Tonight on The Colbert Report … TA-NEHISI COATES!
At the center of it all is the master of Downton, Robert, Earl of Grantham, played by Hugh Bonneville. Imagine Tony Blair stripped of that wolfish gleam of self-interest, inflated with 20 or 30 brisk strokes of a bicycle pump, squeezed into a tweed hunting jacket, and then sent out into the world with a fixed frown of genteel incomprehension.
Read more. [Image: Miles Donovan/AP]
Currently cracking us up: “20 or 30 brisk strokes of a bicycle pump”.
Sesame Street kicked off its 43rd season yesterday. We’re big fans of the Street, and to prove it, here are some of our favorite Sesame facts.
- Oscar the Grouch used to be orange. Jim Henson decided to make him green before season two.
- In 1970, Ernie reached #16 on the Billboard Hot 100 with the timeless hit “Rubber Duckie.”
- During a 2004 episode, Cookie Monster said that before he started eating cookies, his name was Sid.
- Mr. Snuffleupagus has a first name—Aloysius.
- How big is Big Bird? 8’2″.
Read the other 38 ‘Sesame Street’ facts. [via mental_floss]
The amazing Tumblr Lucille and Mitt has been around for some time, but it’s only now coming to our attention. The idea is simple: Superimpose actual quotes from Mitt Romney, the teetotaling Republican candidate often accused of being out of touch with ordinary people, over pictures of Lucille Bluth, the vodka-swilling, laughably out-of-touch Arrested Development character. The results are surprisingly convincing.
[Images: Lucille and Mitt]
Breaking Amish is the latest addition to The Learning Channel’s (commonly known as The Leering Channel) provocative reality TV programming. Once a boring educational channel where you could watch a documentary on the spotted owl or get tips for cooking the perfect soufflé, TLC is now the go-to place for gawking. […] Breaking Amish is a hybrid of the ethnic minstrel show—along the lines of Jersey Shore or Shahs of Sunset, where a culture is reduced to its caricature parts—and The Real World, where good looking twentysomethings live together in a new city, full of possibilities. (All of the Amish stars of the show are remarkably good-looking. One imagines plucky TLC producers hiding behind barns with binoculars to do their casting). But what sets Breaking Amish apart from the other shows is how much is at stake for the stars: their religion, their families, their identities—the very world they’ve known up until now.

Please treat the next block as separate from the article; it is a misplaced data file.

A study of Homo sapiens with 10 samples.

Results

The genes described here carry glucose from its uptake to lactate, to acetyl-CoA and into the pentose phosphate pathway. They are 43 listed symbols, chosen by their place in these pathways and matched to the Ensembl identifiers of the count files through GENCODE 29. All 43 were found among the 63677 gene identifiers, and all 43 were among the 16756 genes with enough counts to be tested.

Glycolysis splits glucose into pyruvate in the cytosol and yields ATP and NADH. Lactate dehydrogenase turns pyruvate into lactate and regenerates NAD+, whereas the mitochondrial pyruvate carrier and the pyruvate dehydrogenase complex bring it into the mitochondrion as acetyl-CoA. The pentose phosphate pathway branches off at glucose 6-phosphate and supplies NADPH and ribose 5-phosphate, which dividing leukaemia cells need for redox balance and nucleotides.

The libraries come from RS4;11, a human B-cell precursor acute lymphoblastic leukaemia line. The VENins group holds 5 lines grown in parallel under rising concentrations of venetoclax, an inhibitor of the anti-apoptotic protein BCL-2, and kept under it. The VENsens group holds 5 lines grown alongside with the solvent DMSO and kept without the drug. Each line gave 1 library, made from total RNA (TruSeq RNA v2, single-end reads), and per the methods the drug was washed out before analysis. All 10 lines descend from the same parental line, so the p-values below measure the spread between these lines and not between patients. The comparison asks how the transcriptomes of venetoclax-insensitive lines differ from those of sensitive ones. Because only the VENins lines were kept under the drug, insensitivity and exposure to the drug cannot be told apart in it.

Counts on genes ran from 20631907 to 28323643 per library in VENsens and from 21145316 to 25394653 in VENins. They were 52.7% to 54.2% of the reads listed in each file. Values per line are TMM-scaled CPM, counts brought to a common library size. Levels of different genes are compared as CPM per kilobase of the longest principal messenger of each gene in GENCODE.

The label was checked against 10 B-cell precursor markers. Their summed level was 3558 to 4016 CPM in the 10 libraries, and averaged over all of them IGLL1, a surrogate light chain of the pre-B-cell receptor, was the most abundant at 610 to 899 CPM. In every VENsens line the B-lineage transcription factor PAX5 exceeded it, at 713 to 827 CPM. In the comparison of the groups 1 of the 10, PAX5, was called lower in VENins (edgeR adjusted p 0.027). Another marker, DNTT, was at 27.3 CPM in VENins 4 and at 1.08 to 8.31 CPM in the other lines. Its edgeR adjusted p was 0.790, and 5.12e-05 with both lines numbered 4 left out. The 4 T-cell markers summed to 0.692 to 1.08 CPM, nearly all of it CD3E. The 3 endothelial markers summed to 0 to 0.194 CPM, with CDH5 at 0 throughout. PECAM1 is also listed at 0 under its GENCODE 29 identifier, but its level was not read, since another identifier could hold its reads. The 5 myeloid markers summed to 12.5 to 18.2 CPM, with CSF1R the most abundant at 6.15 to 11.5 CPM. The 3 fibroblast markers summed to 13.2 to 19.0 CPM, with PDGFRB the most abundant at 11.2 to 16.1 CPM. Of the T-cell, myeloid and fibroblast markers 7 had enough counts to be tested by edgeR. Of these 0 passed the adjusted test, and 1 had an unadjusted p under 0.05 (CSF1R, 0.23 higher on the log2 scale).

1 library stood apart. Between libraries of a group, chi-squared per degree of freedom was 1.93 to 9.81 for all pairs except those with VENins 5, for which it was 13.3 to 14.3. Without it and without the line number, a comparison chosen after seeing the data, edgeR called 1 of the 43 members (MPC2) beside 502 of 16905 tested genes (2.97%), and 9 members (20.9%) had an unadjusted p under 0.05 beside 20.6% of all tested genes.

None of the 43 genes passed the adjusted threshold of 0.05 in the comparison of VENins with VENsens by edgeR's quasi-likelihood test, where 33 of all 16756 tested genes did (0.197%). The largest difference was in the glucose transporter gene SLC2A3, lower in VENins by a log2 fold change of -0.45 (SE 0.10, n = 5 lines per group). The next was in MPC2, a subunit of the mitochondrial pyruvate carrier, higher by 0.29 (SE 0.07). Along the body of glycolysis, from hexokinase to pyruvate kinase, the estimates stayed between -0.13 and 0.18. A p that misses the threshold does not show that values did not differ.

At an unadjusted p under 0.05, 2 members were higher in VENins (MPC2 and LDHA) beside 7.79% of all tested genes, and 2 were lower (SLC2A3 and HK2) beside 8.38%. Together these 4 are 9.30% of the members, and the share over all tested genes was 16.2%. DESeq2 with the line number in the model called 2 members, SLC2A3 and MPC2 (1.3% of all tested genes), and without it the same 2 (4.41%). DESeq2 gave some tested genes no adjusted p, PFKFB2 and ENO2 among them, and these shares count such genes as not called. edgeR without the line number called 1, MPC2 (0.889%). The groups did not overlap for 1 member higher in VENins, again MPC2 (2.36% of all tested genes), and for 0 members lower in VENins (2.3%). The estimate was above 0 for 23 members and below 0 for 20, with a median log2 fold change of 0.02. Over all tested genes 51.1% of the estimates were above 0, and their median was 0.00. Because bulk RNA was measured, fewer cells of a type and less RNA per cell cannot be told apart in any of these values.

Read more. [Image: TLC]
Most people know The Wire as the HBO police drama set in Baltimore—an intricate five-season exploration of the brokenness of the inner-city’s war on drugs, education system, politics, and policing, and one of the most lauded television shows of all time. Fewer people know that it was originally a Victorian serial by the almost forgotten writer H.B. Ogden. Such, at least, was the claim of Sean Michael Robinson and Joy DeLyria, who wrote Down in the Hole: the unWired World of H.B. Ogden. They accompanied their text with drawings (by Robinson) from the original Wire, including a striking depiction of Omar Little walking down a London street as urchins scatter around him.
Read more. [Image: powerHouse Books]
An incredible breakdown of Walter White’s finances.
[Image: cobradave, TV.com]
Encyclopedia Brown belongs to a special category of children’s books: books—the kind starring characters like Harry Potter and Nancy Drew—that treat curiosity as one of the best assets a kid can have. Books that make it seem not just acceptable, but actually kind of wonderful, to be a nerd. Donald J. Sobol’s “boy detective”—enjoyer of puzzles, observer of oddities, lover of facts—derives much of his charm from his earnest appreciation of the world’s details. He finds his fun in the mundane: in the revealing little banalities that make life interesting and weird and, if you’re lucky, mysterious.
Sobol, whose death at 87 was announced this week, leaves a rich legacy. It includes not only the Encyclopedia Brown book series, and not only the comic strip of the same name, but also multiple generations of people—girls and boys—who were inspired by Encyclopedia to go off and solve their own mysteries. In an age that increasingly needs and values its engineers and its makers and its problem-solvers, that is something to be celebrated.
But Sobol’s legacy includes something else, too: a TV show. An incredibly cheesy, ridiculous, wondrous TV show.